A young man living in the woods without a tent or sleeping bag committed the first crime of his life out of desperation, a court has heard.

Charlie Hughes had found himself sleeping rough and was struggling to access mental health support and accommodation when he broke into a shop in Canterbury.

Charlie Hughes, pictured outside court, was living in the woods at the time of the break-in
Charlie Hughes, pictured outside court, was living in the woods at the time of the break-in

A lawyer acting for the 20-year-old said he carried out the burglary during a “horrific few months” in his life.

Folkestone magistrates were told he had been sleeping rough over the festive season after a fall-out with his mother and had no luck securing shelter through homelessness organisations.

At about 2am on January 12, Hughes, who had never been in trouble with the law before, was seen in the city centre trying to break into the Kings Market Store in The Borough.

A witness living nearby heard him banging on the glass of the shop’s front door and started filming Hughes on their phone.

The onlooker said they then saw Hughes walk away, pause when someone walked by, and then come back and attempt to gain entry to the store again.

As the witness continued to film, Hughes took a hammer to the glass door panel and smashed it, allowing him to clamber inside.

He then started ransacking the shop and swiped cash from the till.

Charlie Hughes broke into the Kings Market Store in The Borough, Canterbury
Charlie Hughes broke into the Kings Market Store in The Borough, Canterbury

Prosecutor Victoria Aked said: “He then stole cigarettes and multiple bottles of alcohol and climbed back out through the broken door, but the witness had called the police.”

Officers arrived at the scene and gave chase as Hughes ran off, warning him he would be tasered if he continued to flee.

Hughes stopped and dropped what he had stolen, as well as the hammer.

It was established he had taken £96 cash from the till and almost £1,200 worth of cigarettes and alcohol.

During interview, Hughes told officers he had tried to stop himself from breaking into the store and had walked away several times before smashing his way into the shop.

Hughes admitted burglary, criminal damage and going equipped for theft when he appeared in the dock on February 1.

Miss Aked confirmed Hughes - who wore a snood and hat during the break-in - had no previous convictions.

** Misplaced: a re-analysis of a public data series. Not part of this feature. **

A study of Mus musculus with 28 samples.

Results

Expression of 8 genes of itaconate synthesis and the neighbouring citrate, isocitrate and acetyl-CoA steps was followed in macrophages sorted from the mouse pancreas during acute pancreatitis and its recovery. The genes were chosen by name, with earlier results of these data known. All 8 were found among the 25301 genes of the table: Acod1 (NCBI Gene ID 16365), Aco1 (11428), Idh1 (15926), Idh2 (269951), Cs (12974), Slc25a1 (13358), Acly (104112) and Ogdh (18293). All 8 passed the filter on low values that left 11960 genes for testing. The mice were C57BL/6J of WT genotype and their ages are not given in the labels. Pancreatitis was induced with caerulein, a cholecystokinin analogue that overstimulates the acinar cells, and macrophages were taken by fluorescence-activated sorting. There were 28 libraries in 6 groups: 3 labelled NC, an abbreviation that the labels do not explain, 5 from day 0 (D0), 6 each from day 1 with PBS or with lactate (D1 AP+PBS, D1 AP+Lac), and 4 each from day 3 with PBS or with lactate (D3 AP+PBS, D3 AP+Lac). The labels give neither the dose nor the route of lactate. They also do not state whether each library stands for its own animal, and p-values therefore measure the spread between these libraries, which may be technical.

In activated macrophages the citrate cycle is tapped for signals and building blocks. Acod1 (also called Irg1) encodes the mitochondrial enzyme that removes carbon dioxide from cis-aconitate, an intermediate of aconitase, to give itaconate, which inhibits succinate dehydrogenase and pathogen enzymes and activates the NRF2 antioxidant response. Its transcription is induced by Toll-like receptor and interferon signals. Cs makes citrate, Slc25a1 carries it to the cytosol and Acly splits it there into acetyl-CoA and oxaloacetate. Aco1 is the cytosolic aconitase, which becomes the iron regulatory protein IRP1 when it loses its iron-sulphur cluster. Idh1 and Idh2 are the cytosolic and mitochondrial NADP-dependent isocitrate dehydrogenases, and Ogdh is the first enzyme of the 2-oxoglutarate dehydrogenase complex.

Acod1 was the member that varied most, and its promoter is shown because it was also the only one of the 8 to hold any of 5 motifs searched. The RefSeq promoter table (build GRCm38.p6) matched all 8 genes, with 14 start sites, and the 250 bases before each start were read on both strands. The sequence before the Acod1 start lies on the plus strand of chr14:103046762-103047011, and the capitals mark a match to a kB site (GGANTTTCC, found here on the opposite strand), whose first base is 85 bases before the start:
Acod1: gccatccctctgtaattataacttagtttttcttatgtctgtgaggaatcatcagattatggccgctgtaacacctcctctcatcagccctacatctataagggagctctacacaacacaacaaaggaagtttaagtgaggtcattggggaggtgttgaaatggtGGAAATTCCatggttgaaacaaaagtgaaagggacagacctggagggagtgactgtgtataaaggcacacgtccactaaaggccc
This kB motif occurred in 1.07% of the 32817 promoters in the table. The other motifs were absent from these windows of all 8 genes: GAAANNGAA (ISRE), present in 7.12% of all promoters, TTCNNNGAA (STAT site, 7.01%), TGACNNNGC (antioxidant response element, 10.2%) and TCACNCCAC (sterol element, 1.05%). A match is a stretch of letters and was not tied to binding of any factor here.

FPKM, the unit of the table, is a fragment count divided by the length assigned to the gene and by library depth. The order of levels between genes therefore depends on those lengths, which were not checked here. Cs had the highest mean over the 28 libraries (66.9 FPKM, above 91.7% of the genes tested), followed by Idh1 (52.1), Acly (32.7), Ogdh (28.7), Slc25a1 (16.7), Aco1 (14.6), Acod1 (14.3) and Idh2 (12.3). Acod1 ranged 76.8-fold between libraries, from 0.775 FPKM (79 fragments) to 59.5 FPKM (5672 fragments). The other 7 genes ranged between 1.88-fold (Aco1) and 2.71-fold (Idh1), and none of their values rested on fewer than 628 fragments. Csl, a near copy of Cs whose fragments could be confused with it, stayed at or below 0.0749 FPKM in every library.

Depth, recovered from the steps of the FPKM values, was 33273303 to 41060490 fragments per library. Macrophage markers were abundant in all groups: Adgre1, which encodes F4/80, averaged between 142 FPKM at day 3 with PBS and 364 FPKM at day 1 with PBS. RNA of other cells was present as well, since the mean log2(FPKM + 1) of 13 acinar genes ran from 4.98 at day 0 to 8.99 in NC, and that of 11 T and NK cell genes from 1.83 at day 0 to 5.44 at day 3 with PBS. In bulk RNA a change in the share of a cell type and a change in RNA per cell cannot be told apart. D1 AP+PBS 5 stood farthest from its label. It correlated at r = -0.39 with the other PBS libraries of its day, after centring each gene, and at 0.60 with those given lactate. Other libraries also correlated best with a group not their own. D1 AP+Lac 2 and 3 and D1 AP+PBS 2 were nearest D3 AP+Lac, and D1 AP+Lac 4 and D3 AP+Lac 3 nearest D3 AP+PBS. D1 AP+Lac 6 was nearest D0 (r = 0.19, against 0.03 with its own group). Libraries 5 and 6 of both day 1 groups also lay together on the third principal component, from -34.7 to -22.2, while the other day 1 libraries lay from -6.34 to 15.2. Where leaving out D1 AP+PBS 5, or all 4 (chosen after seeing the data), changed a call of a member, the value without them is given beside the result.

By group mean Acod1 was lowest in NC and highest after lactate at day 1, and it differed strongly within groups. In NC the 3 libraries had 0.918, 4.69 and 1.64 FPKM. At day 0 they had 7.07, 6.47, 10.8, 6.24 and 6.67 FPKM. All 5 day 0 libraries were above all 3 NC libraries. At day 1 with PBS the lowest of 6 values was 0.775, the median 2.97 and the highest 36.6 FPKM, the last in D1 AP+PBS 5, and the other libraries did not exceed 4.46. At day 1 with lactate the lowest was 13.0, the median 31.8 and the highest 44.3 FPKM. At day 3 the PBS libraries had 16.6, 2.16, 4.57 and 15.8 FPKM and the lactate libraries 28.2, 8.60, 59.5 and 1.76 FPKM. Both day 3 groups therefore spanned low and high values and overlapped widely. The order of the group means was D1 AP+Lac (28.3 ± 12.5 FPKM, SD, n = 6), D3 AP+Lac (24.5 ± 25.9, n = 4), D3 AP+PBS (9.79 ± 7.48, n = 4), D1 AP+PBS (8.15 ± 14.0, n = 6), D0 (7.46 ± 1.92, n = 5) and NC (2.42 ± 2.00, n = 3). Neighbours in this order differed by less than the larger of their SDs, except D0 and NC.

Scott Neilson, defending, said his client had found himself in a desperate set of circumstances which led to him carrying out the burglary.

He added: “He was diagnosed with autism at school and he’s had no meds or assistance with that.

Charlie Hughes was sentenced at Folkestone Magistrates' Court
Charlie Hughes was sentenced at Folkestone Magistrates' Court

“He lost his job in a zoo last year and has been living in the woods. It’s been exceptionally challenging and he’s found it difficult to cope.

“He gets £276 a month on Universal Credit and can’t cope. His mental health has declined and he’s been using food banks, and decided to do [the burglary] as he walked past.

“He didn’t want to do it, but decided to do it and took the alcohol and cigarettes as he was so depressed and wanted to blank things out for a while.

“Even the police gave him food and got him to see the nurse to get help. He has a problematic relationship with his mum and has not seen her since Christmas.

“He’s had a horrific few months and would welcome assistance.

His ex-girlfriend’s dad has been trying to help and he could have a caravan he could stay in.

“He will engage with probation, he’s short of cash and homeless and is very sorry; he wanted to warm up, he had no sleeping bag or shelter and had phoned [shelters and such places] to seek help but got no support.”

Magistrates placed Hughes on a 12-month community order which will see him complete 30 rehabilitation sessions with probation to address his issues.

He was also ordered to pay £863.27 compensation to the shop’s owner Ahmad Qaderi to cover the cost of the damage caused to the door and a CCTV camera.

Mr Qaderi, who installed added security measures after the raid, said he had owned the store for 10 years and had never experienced such a break-in.